A Plus-Size Comedian Accused Cancer Research Ads Of Fat-Shaming And Their Response Caused Outrage

There are some advertisements that completely miss the mark and make you question how did people approve it. Sometimes, in meetings, executives seem to “forget” to check if their ads will offend anyone or cause any negative feelings for a majority of people. The Cancer Research UK is recently one of those companies. UK-based comedian Sofie Hagen recently shared a photo of an advertisement seen in the UK. The advertisement is promoting the idea that obesity is the “second biggest preventable cause of cancer after smoking.”


After seeing the sign in multiple places around the UK, Hagen took to Twitter to share the sign, and ask how this was ever put up and how this is okay.

Hagen is a plus-size comedian in the UK and Denmark who has been vibrantly open about body positivity and being proud of your body, no matter what size. As a plus-size woman, Hagen immediately took offense to the ad, claiming that obesity is entirely preventable, and losing weight is as “easy as quitting smoking.” As well, she was offended that the research center painted “obesity” as a problem, much like smoking is a problem.

The research center immediately issued a response to her outrage towards the campaign, saying that the advertisement was simply a way to raise awareness and not to offend anyone at all. Simply, they were reporting important research and stating a fact that in the UK, obesity is the second leading cause of cancer.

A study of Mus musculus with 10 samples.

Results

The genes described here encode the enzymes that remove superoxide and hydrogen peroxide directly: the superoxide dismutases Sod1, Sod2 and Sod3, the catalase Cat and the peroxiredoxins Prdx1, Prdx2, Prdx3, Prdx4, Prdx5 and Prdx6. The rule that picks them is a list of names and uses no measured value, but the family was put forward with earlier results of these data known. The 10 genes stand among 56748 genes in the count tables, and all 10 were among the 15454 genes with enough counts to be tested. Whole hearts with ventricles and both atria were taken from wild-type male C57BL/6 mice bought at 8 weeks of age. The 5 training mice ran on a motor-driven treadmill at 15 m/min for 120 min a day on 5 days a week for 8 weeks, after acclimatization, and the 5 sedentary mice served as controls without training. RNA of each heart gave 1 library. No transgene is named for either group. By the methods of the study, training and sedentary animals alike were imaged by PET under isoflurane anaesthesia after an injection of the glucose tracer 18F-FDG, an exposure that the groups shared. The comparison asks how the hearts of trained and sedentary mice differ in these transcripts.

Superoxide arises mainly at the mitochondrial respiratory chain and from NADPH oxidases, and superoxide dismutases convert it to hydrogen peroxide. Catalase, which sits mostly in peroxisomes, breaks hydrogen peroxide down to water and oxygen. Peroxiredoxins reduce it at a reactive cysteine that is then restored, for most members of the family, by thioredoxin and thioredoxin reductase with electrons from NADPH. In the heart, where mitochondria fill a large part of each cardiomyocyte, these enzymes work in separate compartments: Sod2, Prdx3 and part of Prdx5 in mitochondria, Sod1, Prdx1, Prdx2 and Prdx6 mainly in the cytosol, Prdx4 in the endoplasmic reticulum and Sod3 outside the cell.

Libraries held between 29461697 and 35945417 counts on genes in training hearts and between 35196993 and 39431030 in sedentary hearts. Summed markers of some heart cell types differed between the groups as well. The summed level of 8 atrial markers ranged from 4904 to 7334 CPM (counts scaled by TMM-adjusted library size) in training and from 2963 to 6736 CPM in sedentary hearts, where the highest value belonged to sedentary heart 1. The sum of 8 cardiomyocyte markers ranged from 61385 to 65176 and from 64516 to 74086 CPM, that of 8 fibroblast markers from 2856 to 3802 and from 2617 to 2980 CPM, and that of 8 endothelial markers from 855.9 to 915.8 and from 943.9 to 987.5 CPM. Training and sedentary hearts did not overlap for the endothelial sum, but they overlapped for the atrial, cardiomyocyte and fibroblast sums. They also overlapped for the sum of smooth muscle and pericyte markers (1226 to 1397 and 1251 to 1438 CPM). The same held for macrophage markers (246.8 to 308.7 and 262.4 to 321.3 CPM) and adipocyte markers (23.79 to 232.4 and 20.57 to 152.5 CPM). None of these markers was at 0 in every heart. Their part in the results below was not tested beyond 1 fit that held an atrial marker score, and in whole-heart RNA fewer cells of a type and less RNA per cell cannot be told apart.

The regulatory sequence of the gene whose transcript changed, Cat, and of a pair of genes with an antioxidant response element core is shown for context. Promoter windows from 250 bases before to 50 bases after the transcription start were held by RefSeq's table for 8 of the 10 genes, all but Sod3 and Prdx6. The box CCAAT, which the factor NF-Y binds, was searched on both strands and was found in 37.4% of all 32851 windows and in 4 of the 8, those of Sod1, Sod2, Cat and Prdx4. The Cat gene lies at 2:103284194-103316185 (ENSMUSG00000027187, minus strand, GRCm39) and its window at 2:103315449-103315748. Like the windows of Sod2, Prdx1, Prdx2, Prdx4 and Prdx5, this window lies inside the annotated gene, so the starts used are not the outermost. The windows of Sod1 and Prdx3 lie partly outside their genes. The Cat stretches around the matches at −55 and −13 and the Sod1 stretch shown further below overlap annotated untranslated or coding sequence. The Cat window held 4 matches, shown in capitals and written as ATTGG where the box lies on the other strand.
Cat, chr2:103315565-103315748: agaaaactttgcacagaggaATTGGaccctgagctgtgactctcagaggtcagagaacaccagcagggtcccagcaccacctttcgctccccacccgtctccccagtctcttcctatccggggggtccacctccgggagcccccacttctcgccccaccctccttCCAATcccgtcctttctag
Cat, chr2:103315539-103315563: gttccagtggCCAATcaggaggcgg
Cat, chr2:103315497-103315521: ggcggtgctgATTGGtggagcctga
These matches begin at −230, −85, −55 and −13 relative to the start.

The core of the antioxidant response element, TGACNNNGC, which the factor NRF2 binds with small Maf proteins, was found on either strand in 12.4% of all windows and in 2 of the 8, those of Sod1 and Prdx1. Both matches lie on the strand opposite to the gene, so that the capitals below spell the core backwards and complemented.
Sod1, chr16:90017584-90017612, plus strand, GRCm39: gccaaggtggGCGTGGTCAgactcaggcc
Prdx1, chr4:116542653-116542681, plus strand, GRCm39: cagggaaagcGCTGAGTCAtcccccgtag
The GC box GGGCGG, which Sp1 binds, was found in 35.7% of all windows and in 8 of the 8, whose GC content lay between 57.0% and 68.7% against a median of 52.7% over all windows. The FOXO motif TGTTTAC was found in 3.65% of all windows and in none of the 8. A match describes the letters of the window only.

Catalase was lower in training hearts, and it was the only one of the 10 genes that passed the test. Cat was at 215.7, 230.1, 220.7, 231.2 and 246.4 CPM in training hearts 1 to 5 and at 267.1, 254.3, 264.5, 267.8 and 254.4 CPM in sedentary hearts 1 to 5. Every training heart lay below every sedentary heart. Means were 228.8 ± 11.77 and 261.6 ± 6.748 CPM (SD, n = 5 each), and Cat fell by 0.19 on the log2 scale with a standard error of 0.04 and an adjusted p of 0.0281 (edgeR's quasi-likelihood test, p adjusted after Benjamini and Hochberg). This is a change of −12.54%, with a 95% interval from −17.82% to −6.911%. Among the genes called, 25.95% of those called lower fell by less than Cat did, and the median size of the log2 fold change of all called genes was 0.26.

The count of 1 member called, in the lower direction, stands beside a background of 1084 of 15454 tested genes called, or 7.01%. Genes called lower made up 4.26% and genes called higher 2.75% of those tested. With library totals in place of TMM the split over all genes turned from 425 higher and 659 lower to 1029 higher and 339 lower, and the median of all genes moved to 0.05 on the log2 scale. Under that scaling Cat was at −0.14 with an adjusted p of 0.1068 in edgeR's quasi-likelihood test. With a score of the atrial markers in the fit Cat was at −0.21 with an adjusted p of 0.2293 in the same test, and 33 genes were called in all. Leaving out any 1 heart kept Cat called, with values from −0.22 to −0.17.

However, Hagen was not satisfied with their response, as it seemed more robotic and less humane than it should be–especially when criticizing a majority of the population’s body and telling them that they are slowly killing themselves, offensively. She, as well, was angered that the research center did not take into account that obesity is not just easily prevented.

Although the study was based on scientific evidence and a ton of research, the way in which they decided to promote the initiative and information was offensive and wrong, not only to Hagen, but many others as well.

However, there were many people were on the Researcher’s side as well–claiming they were only trying to save lives, and not offend anyone at all. Many responded to Hagen on Twitter saying that her outrage was misplaced and that she should “focus on her health” more.

What do you think–offensive or just promoting some facts? Let us know.